Heritage Florida Jewish News - Central Florida's Independent Jewish Voice

Trio of Civil Rights exhibits now on display at the Holocaust Center


A Place for All People exhibit, on loan from the Mennello Museum of American Art.

This summer, the Holocaust Memorial Resource and Education Center of Florida is inviting visitors to join them in a conversation about the local, national, and international struggle for civil rights in the United States. This is a unique opportunity for visitors to learn about this history while inspiring them to take action in their own communities.  

Terrance Hunter, the program coordinator for the Holocaust Center, sees these exhibits as a unique opportunity to reflect on this history. "The work of breaking barriers should be the work of all," he said. "These exhibits offer a comprehensive look at a group of remarkable individuals who took risks, broke barriers, and laid the groundwork that we are building upon today." 

"Embracing the Dream," curated in partnership with the Wells'Built Museum of African American History and Culture, features local leaders such as Mayors Bob Carr and Carl Langford, Jerome Bornstein, and Wolf Kahn alongside civil rights pioneers like Harry T. Moore and Rufus Brooks. It uncovers the partnership between the African American and Jewish communities in their fight for a more inclusive future for Central Florida. 

The Holocaust Center will also display "A Place for All People," which celebrates the opening of the National Museum of African American History and Culture. Shirley Chisholm and Ira Aldridge, among other major political and cultural figures, take center stage in the poster exhibition. Through their stories, visitors may witness how these individuals reshaped and rewrote American history. The exhibit, on loan from the Mennello Museum of American Art, is a survey of the African American community's powerful, deep and lasting contributions to the American story.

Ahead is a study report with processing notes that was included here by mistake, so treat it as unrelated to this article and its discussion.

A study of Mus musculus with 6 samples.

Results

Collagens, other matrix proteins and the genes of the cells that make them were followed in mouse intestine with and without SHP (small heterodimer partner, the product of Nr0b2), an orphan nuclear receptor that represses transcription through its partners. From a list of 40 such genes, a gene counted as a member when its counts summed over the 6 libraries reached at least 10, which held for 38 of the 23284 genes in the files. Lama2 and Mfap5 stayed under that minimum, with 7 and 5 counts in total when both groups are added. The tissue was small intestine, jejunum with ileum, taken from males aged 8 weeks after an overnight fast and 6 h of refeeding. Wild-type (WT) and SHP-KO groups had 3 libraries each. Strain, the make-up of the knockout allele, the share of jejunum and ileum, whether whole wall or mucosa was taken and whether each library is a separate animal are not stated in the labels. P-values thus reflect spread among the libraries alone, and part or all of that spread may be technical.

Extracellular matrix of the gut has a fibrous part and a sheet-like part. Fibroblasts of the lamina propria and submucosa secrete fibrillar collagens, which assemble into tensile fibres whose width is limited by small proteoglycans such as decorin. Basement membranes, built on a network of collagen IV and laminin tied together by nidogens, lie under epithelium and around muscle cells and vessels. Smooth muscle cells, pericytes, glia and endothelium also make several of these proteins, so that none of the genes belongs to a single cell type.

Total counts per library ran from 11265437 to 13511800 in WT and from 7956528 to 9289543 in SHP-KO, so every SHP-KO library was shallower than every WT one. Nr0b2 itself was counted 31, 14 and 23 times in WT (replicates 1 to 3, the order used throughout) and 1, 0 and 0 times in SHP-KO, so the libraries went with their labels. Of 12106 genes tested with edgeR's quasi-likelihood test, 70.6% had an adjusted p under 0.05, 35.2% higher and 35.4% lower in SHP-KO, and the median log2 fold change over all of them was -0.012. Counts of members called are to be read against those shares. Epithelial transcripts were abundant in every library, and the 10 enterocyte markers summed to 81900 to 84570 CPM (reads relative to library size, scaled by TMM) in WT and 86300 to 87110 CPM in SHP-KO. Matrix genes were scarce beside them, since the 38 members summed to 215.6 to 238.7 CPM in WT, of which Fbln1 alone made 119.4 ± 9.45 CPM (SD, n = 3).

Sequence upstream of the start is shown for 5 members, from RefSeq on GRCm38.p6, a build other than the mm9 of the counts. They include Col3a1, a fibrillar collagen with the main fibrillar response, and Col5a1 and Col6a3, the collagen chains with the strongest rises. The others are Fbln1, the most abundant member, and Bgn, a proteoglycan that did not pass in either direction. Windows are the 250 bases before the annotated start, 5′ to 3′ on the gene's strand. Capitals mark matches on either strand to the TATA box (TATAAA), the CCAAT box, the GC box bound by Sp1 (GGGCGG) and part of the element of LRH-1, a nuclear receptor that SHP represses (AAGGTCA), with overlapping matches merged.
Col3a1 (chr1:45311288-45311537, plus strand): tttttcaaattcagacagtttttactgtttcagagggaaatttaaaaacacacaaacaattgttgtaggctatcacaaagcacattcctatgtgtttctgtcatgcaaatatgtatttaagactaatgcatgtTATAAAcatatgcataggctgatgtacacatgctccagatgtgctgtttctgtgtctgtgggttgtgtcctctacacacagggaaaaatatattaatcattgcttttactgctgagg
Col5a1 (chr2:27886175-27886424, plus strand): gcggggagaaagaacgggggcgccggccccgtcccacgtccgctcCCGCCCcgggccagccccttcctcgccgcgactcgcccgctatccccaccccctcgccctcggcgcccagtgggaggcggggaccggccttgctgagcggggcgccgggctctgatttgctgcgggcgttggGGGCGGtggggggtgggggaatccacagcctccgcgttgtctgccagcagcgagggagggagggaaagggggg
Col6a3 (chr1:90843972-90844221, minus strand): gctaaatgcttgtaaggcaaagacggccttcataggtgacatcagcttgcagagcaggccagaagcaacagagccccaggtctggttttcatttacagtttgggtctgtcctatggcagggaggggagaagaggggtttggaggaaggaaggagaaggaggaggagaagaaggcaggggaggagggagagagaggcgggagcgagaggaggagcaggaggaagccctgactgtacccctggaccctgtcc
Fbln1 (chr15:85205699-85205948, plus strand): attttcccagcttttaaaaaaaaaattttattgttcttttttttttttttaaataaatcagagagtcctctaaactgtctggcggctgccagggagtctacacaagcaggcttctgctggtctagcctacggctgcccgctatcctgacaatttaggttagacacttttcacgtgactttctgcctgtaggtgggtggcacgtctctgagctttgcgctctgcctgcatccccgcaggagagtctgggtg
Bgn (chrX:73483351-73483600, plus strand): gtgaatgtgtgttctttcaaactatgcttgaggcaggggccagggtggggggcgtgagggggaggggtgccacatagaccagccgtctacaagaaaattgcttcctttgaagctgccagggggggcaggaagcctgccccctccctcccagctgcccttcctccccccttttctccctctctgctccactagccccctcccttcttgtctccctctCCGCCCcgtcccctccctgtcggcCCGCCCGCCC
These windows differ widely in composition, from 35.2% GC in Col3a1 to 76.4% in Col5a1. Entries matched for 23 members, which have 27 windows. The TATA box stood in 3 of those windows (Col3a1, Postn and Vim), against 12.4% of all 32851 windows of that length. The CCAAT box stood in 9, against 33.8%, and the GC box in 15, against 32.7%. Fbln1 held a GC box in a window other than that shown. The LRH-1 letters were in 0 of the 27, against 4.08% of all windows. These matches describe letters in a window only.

Further broadening the narrative is "The Tuskegee Airmen: The Segregated Skies of WWII," on loan from Kennesaw State University. The exhibit highlights the heroism of the first African American pilots to fly in the United States military. Sergeant Richard Hall, one of the Tuskegee Airmen, will be present at the Holocaust Center on July 23 at 2pm for a screening of Red Tails and a post-film question and answer session. 

Sgt. Richard Hall's likeness can be found outside the Hannibal Square Heritage Center. Here he is next to the commemorative statue.

Visitors are also invited to participate in the Holocaust Center's "dream wall," where they may share their dream for the future. The exhibits and the dream wall will be on display from July 3 – Sept. 8. The Holocaust Center is open Monday-Thursday from 9 a.m.-4 p.m., Friday from 9 a.m.-1 p.m., and Sunday from 1p.m.-4 p.m. Visitors may schedule group tours by calling 407-628-0555. 

These exhibits and programs are sponsored in part by the Orange County government through the Arts & Cultural Affairs program, United Arts of Central Florida, home of OrlandoAtPlay.com and UAArtsEd.com, the State of Florida, Department of State, Division of Cultural Affairs, and the Florida Council on Arts and Culture. This project is also made possible by a grant from Duke Energy through United Arts of Central Florida.  

To learn more about the Holocaust Center's mission to create a more just and caring community, visit holocaustedu.org.